Changing eating habits in Italy

Not only a question of price.

Although the economic crisis has affected the purchasing power of Italians, quality remains a central consideration in their choice of food – even more so than price.
A study by the Demòpolis Institute clearly demonstrates this. Nine out of ten Italians say that they are interested in the quality of the food they consume and in the link between diet and health. This is particularly true of women and those aged over 54, which is significant because grocery shopping in Italy is done primarily by women, and because contrary to popular opinion, it is not only the younger generation that is concerned with diet.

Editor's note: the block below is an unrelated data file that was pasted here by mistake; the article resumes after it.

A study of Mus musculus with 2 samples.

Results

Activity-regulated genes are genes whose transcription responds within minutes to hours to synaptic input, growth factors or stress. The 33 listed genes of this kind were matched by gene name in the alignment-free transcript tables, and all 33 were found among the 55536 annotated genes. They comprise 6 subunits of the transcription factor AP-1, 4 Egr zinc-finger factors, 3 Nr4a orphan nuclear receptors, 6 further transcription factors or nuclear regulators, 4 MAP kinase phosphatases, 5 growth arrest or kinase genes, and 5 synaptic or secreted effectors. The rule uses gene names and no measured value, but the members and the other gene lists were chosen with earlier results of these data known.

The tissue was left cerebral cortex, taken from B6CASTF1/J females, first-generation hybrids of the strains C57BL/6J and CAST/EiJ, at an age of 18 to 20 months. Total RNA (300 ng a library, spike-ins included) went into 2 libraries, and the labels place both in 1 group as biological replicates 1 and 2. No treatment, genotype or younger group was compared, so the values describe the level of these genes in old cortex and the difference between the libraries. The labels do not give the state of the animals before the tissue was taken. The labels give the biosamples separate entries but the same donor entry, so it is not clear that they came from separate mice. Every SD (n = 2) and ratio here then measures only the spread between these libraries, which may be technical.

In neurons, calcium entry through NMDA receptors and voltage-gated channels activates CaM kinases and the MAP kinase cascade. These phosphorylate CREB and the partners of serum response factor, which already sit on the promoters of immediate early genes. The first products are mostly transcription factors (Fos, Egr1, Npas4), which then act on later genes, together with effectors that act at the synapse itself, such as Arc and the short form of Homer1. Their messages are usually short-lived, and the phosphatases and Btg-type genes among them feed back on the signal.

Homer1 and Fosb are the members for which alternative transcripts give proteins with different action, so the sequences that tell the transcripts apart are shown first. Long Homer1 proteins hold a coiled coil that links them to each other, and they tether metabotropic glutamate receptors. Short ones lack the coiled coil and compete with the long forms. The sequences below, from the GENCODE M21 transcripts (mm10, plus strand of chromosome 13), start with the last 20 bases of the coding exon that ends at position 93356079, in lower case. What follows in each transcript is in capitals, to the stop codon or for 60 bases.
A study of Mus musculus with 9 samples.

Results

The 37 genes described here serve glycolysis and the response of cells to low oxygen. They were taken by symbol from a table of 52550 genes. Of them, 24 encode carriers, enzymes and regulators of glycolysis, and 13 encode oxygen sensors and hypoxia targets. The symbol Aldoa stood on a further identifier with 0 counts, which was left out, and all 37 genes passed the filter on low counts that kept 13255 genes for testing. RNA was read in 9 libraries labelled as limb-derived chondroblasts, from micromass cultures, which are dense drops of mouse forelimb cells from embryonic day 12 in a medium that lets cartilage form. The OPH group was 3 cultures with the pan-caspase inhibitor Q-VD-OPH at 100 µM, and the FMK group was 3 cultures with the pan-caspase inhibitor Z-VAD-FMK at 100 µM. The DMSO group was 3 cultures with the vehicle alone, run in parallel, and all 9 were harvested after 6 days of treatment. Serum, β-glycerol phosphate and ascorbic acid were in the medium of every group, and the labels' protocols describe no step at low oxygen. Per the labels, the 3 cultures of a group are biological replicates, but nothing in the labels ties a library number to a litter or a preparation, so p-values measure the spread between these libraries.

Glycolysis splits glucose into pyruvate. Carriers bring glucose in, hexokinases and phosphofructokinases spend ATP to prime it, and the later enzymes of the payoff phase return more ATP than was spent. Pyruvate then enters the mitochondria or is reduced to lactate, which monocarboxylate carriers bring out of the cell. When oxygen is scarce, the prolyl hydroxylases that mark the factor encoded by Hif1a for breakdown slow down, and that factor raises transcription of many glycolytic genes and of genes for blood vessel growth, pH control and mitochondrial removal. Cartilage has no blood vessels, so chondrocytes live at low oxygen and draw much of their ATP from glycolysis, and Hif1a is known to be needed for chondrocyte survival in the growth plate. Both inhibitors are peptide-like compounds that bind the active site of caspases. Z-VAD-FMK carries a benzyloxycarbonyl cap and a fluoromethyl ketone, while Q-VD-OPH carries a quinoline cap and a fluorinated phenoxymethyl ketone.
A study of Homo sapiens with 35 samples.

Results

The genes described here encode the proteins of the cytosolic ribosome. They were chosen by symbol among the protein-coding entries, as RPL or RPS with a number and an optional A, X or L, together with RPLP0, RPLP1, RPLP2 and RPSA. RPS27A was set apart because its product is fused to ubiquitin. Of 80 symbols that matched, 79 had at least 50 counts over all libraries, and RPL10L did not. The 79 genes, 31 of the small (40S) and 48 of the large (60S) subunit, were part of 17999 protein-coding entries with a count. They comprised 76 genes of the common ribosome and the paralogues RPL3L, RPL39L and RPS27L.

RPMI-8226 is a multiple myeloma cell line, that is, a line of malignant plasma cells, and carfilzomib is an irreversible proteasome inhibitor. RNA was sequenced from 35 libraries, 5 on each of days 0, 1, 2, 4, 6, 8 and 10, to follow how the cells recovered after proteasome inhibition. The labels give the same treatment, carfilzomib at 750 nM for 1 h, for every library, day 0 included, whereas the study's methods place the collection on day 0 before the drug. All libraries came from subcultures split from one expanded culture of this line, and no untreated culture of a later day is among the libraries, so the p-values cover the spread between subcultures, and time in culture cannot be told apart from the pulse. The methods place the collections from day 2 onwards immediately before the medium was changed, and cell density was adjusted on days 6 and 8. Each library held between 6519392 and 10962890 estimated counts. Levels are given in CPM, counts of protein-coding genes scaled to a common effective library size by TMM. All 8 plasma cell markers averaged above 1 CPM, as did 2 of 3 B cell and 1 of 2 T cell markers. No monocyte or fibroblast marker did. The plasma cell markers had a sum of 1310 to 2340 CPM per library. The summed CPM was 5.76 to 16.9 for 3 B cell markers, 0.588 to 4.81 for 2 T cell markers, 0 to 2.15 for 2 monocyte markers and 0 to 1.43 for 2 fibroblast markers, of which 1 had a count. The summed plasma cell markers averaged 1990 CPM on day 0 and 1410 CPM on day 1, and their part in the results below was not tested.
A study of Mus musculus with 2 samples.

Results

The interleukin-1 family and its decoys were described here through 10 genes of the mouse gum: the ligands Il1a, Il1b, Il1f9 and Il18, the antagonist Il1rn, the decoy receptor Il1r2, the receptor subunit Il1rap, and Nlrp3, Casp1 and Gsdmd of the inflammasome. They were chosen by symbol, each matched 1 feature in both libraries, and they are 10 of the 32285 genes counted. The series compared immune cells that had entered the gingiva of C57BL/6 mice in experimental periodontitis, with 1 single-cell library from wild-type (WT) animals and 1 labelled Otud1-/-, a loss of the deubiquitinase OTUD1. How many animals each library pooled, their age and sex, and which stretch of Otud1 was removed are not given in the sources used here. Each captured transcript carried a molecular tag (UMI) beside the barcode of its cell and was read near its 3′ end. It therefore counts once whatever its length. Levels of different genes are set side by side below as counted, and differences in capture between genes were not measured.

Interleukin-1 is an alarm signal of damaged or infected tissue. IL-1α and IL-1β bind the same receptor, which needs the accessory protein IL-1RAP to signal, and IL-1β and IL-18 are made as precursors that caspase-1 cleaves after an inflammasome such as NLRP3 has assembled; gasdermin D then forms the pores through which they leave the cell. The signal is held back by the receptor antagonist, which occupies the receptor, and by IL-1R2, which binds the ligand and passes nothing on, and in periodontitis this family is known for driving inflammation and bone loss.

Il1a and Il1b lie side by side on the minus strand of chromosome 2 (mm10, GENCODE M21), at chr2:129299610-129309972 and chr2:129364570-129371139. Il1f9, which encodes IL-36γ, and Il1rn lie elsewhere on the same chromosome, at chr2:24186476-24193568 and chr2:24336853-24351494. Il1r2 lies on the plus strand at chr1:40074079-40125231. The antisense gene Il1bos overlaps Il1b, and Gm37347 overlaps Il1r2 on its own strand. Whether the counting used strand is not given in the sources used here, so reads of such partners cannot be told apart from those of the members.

A closer look shows that 68% of those surveyed look first at price, but almost 62% look for quality and 59% check provenance. This shows that consumers are attentive and aware, not simply throwing the first product they come across into the trolley. This awareness is probably the result of the media’s focus on food and the a growing awareness of the issue of genetically modified (GM) products, to which the majority of Italians are unfavourable , with 90% of the informed public saying that they would not buy GM products.
Consumers’ approach to the label and the information it displays is also interesting. Only 12% of those surveyed said that they do not read the label, while 19% always do and 47% often do. This suggests that a clear, informative label is important for two out of three Italians when they choose what products to buy.
As habits change and consumers become increasingly attentive and demanding, transparency and clear, precise communication are the foundations of the future of all agrifood businesses.